Hi! Fiddle-Dee-Dee! The Cruising Life for Me
Jailhouse Rock

Chutes and Ladders

P1000117We finally left the Virgin Islands after wearing out our welcome with dear friends on S/V Kookaburra and S/V Two Much Fun. I understand how they felt – how many times can you say goodbye? On one of our last days, Jaime wore a shirt she had been gifted by one of the power yachts she had serviced. The ship is M/V Go, so the shirt simply has the word “Go” on the front.


We were determined to get underway, but not quite ready for the Anagoda passage, so we tacked to St. John in an easterly breeze and picked up a national park mooring. We had a lovely, relaxing Sunday evening and Monday, before setting sail to Sint Maarten on Monday evening.

We should have left sooner. It’s always a crapshoot. Is the weather prediction spot on? Or off by a few knots or a few degrees? Will we be tacking all the way Philipsburg, or will we get a favorable breeze and a straight shot? It mattered because we’ve agreed not to enter unknown harbors in the dark and we had never entered Philipsburg.

I hate one or two nighters – those short over-night hops that don’t let you get into a sleep/wake rhythm. I took the second night watch from midnight to 6 AM,  and didn’t sleep at all from 6 PM to midnight, so I pulled an all-nighter. It didn’t kill me.

We started along a tacking pattern I’d established. Ten miles south of the rum line, turn, ten miles north of the rum line. Any more than ten miles put us too far off course in a wind change. Any less was a pain in the butt. Of course, the wind shifted. One southeasterly tack became more south or even southwest and our actual next tack point was miles to the west of the planned point, closer to our last southern tack point than to the one we wanted.  Twelve hours later, the wind shifted again, and we began heading more easterly than north or south. Sailing is like that.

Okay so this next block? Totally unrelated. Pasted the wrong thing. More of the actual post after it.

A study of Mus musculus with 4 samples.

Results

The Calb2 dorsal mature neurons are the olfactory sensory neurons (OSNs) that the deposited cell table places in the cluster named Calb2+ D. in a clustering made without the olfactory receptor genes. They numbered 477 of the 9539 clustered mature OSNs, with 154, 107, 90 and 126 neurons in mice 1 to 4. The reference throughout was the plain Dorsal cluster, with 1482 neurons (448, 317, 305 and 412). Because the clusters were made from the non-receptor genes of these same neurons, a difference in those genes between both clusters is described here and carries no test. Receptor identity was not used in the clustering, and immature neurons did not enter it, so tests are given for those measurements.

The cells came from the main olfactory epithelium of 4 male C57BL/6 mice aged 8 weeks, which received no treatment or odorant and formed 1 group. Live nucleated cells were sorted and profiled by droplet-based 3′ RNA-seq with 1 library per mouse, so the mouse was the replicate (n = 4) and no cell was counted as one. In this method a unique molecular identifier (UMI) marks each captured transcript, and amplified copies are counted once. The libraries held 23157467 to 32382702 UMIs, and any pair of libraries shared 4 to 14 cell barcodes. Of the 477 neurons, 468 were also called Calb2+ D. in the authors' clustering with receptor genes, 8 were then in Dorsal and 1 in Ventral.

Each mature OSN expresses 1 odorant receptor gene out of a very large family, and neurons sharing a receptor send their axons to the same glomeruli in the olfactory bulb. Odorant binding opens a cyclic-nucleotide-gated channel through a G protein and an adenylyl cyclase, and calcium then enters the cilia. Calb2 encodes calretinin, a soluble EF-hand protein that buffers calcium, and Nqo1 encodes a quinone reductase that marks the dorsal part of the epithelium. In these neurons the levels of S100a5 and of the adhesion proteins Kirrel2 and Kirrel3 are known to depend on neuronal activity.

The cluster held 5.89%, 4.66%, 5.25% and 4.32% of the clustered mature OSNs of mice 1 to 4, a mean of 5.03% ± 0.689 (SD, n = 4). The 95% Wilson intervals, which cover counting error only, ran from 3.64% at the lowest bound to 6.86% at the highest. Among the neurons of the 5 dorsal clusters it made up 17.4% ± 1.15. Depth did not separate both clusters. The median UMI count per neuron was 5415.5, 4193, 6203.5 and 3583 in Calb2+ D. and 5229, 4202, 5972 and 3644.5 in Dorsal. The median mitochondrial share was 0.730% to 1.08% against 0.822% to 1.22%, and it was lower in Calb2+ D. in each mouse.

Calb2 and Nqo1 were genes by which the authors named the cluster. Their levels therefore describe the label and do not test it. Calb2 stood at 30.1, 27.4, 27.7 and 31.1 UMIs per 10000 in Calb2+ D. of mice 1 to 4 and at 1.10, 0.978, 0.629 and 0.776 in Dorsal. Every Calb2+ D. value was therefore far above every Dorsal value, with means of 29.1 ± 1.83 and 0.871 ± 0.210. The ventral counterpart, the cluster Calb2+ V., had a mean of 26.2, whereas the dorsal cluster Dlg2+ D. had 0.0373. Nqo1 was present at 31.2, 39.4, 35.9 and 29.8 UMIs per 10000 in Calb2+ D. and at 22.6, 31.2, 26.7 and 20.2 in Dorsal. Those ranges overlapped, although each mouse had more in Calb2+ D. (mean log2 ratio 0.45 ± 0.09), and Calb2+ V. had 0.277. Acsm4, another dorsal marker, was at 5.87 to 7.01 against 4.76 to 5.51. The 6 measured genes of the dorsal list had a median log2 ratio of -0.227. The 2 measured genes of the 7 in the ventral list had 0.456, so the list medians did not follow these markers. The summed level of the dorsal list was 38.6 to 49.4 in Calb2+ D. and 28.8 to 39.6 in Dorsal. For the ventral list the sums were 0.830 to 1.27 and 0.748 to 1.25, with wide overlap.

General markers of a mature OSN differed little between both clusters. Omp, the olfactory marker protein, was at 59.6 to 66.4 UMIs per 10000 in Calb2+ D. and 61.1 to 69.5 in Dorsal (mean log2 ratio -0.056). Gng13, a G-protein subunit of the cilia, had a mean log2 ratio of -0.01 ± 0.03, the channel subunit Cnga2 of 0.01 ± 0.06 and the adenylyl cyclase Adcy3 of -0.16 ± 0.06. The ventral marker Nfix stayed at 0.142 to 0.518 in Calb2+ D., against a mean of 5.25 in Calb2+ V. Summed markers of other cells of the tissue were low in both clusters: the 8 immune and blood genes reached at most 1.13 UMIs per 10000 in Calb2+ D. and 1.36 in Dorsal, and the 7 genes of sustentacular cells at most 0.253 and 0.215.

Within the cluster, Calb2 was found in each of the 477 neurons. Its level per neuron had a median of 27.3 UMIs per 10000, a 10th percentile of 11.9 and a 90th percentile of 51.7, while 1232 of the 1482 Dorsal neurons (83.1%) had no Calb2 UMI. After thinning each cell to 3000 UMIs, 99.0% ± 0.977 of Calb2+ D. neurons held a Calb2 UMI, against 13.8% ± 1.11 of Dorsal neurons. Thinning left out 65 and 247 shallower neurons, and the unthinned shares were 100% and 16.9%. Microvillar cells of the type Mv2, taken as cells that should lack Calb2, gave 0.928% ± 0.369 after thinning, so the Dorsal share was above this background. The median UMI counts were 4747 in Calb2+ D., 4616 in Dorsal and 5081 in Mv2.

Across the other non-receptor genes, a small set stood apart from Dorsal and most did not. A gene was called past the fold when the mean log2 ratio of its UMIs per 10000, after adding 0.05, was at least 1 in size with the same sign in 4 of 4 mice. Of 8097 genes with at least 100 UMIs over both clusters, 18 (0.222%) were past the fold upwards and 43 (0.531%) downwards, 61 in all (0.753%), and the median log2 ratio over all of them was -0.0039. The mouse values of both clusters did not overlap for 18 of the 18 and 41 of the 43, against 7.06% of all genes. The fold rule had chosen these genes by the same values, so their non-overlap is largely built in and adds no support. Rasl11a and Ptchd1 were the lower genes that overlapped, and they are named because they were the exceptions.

Thinking about it while tired, I decided that sailing to windward is like that old board game Chutes and Ladders.

Did you play it? Mom played it with me and I played it with nieces and nephews and kids I babysat. (Daddy did not play Chutes and Ladders and started teaching me Cribbage when I was 7 or so.)

When playing Chutes and Ladders, you start at the southwest corner (or lower left corner) of the game board and work your way north and east (or up to the right) to the northeast corner (or upper right finish line).

For this trip, I plotted a course with tacks and we worked to make good from mostly west to east, tacking northeast and southeast along the way.

Chutes and Ladders 

So you roll your dice (or plan your route) and you move forward the required number of spaces. If you land on a ladder, you “climb” up it to a space closer to the winning corner.

We sailed, to the southeast, and  then northeast – hopefully getting closer to Sint Maartin. Sometimes, we caught a favorable breeze and were “lifted” (that’s a sailing term) up the ladder closer to our goal.

In Chutes and Ladders, you can also land on a chute or slide, that will send you right back down one or more levels closer to the starting line.

We sailed, and tacked, and sometimes ended up sailing back closer to our prior tack point than we wanted to.

Four people can play Chutes and Ladders at once, and someone will be the first to the top and win the game.

We weren’t racing, so we were going to win, because all we had to do was make it to Sint Maarten. Which we did – at 9:00 PM.

Chutes and ladders 2That’s after dark, and we had a choice: 1. hover at sea until daylight; or 2. enter Simpson Bay in the dark, anchor, get some sleep, and sail to Philipsburg in the morning.

Simpson Bay has a wide opening with no obstructions except for Pelican Key. There is a marked channel (not shown accurately on this chart) and would be a whole lot of boats at anchor in the safe anchor zone to the right of the channel. If it was too crowded, we could opt to anchor in slightly deeper water to the left of the channel.  EW had to rely on my memory of Simpson Bay, but agreed to try anchoring there in the dark.

It was perfect. I marked our turn into the bay, marked where I thought we’d anchor and took her slowly in under power with EW on the foredeck. We slipped between a large blue yacht and a large catamaran, pulled ahead into the wind, dropped the hook, and waited for her to grab.

There were definitely more chutes than ladders on this sail, but we won the game. Safely anchored in Sint Maarten.

Life is good.

NOTE: The photo at the top was taken at the 6:00 AM change of watch.